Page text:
This land ain’t their land — for long.
The city moved one step closer to bulldozing the ancient Gowanus Station building after Council on Wednesday approved use of eminent domain to seize its Butler Street lot and neighboring land to make way for two subterranean sewage tanks the Feds’ require for their cleanup of the Gowanus Canal.
Local activists began fighting the plan to acquire the privately owned plot and its neighbor on Nevins Street as locations for the four- and eight-million-gallon tanks that will hold raw waste and storm water shortly after officials kicked off the lengthy Uniform Land Use Review Procedure to authorize eminent domain — which means the land owners have to sell, but receive a market-rate price.
Some impassioned Gowanusites recently went so far as to hold a candlelight vigil for the Station House last Tuesday, pleading that it should be spared from the wrecking ball because it is architecturally and historically significant after the Landmarks Preservation Commission chose not to designate it for preservation last year.
The Environmental Protection Agency officials leading the canal’s cleanse, however, are still deciding whether or not to spare the structure from demolition — a trump card they can pull because the land it sits on would be part of the federally managed Superfund site, according to an agency bigwig in charge of the scrub.
But others applauded Council’s vote, since seizing the land for the sewage-storage tanks could keep Gowanus’s beloved Double D swimming hole from closing for the entirety of what some expect to be a decade-long cleanup, after the Feds initially suggested using ground beneath the pool in Thomas Greene Playground — which also must be purged of chemicals in the project — as the site of the cisterns.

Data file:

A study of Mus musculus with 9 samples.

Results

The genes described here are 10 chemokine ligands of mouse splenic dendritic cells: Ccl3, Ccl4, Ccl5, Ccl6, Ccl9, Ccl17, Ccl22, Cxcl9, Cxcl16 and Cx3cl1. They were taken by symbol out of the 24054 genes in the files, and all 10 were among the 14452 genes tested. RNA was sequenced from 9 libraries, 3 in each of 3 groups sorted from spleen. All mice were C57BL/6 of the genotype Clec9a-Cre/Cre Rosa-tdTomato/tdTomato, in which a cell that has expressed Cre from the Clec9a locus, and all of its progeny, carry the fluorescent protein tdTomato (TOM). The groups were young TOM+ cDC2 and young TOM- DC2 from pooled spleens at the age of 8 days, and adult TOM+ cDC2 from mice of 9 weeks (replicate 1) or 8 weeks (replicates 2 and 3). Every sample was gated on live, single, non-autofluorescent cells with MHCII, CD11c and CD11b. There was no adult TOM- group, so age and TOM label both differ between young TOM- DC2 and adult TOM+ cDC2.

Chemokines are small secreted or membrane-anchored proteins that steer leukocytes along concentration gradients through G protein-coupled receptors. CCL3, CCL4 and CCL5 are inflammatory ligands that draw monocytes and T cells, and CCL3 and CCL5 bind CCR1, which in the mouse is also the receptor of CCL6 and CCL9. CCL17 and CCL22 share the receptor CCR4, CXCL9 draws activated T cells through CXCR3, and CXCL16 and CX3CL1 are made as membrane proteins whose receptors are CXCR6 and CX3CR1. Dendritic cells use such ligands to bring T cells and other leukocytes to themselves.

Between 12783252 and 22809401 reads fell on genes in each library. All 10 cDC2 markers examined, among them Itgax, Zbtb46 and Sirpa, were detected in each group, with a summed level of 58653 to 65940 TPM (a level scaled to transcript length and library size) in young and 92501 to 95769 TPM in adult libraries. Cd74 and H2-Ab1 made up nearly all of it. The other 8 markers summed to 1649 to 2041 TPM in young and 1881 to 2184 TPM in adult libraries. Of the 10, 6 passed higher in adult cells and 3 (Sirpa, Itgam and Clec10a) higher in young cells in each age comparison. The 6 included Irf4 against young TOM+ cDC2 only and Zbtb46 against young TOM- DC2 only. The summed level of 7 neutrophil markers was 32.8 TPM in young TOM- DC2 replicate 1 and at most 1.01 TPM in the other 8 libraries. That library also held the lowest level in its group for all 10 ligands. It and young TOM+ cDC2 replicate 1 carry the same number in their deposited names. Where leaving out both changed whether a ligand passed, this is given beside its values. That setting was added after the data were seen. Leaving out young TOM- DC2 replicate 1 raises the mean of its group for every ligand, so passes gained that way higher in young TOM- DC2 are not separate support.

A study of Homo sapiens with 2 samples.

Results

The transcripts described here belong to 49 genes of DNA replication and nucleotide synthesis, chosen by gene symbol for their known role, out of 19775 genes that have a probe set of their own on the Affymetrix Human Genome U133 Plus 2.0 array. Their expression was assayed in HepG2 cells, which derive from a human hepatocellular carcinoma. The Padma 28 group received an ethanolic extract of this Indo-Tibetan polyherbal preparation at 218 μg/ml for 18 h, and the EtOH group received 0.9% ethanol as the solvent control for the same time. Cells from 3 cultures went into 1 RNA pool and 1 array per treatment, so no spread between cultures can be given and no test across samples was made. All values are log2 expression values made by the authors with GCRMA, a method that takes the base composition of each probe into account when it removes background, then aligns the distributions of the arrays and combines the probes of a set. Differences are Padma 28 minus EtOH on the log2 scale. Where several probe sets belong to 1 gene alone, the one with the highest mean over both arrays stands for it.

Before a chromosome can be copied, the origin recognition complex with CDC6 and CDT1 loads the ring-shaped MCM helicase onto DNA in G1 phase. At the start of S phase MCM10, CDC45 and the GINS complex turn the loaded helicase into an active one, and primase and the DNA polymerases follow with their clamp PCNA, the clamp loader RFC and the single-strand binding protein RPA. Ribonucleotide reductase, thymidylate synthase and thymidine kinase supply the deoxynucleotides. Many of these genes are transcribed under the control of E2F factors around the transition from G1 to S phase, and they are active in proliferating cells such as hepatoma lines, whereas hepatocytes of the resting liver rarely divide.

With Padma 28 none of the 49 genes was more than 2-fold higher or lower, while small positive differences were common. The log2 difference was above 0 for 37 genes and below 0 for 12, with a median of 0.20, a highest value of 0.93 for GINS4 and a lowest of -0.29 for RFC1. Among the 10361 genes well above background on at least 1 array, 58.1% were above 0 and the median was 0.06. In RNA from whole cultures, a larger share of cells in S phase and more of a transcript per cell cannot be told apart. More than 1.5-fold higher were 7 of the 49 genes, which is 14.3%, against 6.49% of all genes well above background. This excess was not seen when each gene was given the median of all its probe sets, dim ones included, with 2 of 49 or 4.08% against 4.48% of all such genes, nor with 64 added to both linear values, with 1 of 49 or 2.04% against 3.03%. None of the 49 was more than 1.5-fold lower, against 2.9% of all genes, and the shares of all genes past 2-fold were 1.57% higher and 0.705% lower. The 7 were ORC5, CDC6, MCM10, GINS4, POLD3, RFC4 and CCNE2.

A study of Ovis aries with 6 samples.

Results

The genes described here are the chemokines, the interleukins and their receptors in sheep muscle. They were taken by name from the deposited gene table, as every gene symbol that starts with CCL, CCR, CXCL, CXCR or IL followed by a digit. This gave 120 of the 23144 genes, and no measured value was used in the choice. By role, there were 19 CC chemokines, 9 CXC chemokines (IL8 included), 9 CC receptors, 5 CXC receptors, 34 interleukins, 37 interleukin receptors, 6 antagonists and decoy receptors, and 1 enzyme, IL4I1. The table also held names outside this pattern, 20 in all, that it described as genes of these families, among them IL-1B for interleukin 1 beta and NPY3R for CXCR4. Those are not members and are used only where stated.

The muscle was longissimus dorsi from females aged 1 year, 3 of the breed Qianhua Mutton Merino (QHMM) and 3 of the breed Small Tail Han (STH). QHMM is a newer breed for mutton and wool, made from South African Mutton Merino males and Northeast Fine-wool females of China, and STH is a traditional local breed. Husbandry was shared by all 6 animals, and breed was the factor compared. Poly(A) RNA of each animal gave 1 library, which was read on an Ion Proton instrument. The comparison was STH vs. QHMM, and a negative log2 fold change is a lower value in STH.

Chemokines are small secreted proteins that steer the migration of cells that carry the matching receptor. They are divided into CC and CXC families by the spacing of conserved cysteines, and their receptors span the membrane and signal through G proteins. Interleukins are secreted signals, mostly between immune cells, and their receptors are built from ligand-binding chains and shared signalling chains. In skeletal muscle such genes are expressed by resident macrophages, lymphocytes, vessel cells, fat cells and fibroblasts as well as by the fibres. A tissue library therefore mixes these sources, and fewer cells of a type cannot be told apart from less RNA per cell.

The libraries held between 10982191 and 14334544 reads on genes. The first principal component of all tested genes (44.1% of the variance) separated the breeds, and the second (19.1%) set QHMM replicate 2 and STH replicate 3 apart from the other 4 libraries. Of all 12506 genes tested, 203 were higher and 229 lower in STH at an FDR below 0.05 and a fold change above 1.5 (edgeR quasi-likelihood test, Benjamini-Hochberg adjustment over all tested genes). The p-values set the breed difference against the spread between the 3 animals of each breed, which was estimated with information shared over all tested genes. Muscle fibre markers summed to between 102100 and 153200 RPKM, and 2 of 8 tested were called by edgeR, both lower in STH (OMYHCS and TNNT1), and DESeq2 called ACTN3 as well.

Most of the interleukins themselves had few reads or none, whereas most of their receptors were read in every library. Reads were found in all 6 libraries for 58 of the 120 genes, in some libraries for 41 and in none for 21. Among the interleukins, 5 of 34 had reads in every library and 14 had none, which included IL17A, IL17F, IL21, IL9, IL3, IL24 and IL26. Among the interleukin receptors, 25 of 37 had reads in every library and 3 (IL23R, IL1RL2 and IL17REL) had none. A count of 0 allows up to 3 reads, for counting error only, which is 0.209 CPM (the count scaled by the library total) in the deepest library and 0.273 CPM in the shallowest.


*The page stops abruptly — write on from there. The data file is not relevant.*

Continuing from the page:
“We are again in support of the solution that saves the park, which is an incredibly important community resource for the thousands of residents that live north of the canal,” said Andrea Parker, the executive director of waterway-advocacy group the Gowanus Canal Conservancy.
All members of the city’s legislative body voted “aye” on the land-seizure proposal, except for Councilmen Brad Lander (D–Gowanus), whose district encompasses part of the canal but wasn’t there to cast his ballot, and Kalman Yeger (D–Midwood), who voted “nay.”
Parker and some other locals are still urging the city to at least save the 1913 structure’s facade, and transform the property above where officials intend to bury the tanks into a community space that tells locals the history of the canal, she said.
“The building is gorgeous, it definitely speaks to a really important part of the neighborhood,” Parker said. “It wouldn’t just be a piece of infrastructure — it would serve the larger needs of the neighborhood.”
But the use of eminent domain is not yet set in stone — Mayor DeBlasio must first sign off on the proposal, and the city still could strike a private deal with the landowners to buy the Butler and Nevins street parcels out right, Parker said.
And if the city doesn’t acquire the land by 2020, the Feds will move forward with their original plan to install the cisterns in the Double D’s grave.
Officials resorting to eminent domain has stirred controversy in the past — more than a decade ago, the state-led Empire State Development Corporation seized a massive swath of land in Prospect Heights to make way for developer Bruce Ratner’s massive Atlantic Yards project, which polarizes locals to this day.
Reps for the Department of Environmental Protection — the city agency in charge of the acquisition — did not respond to a request for comment.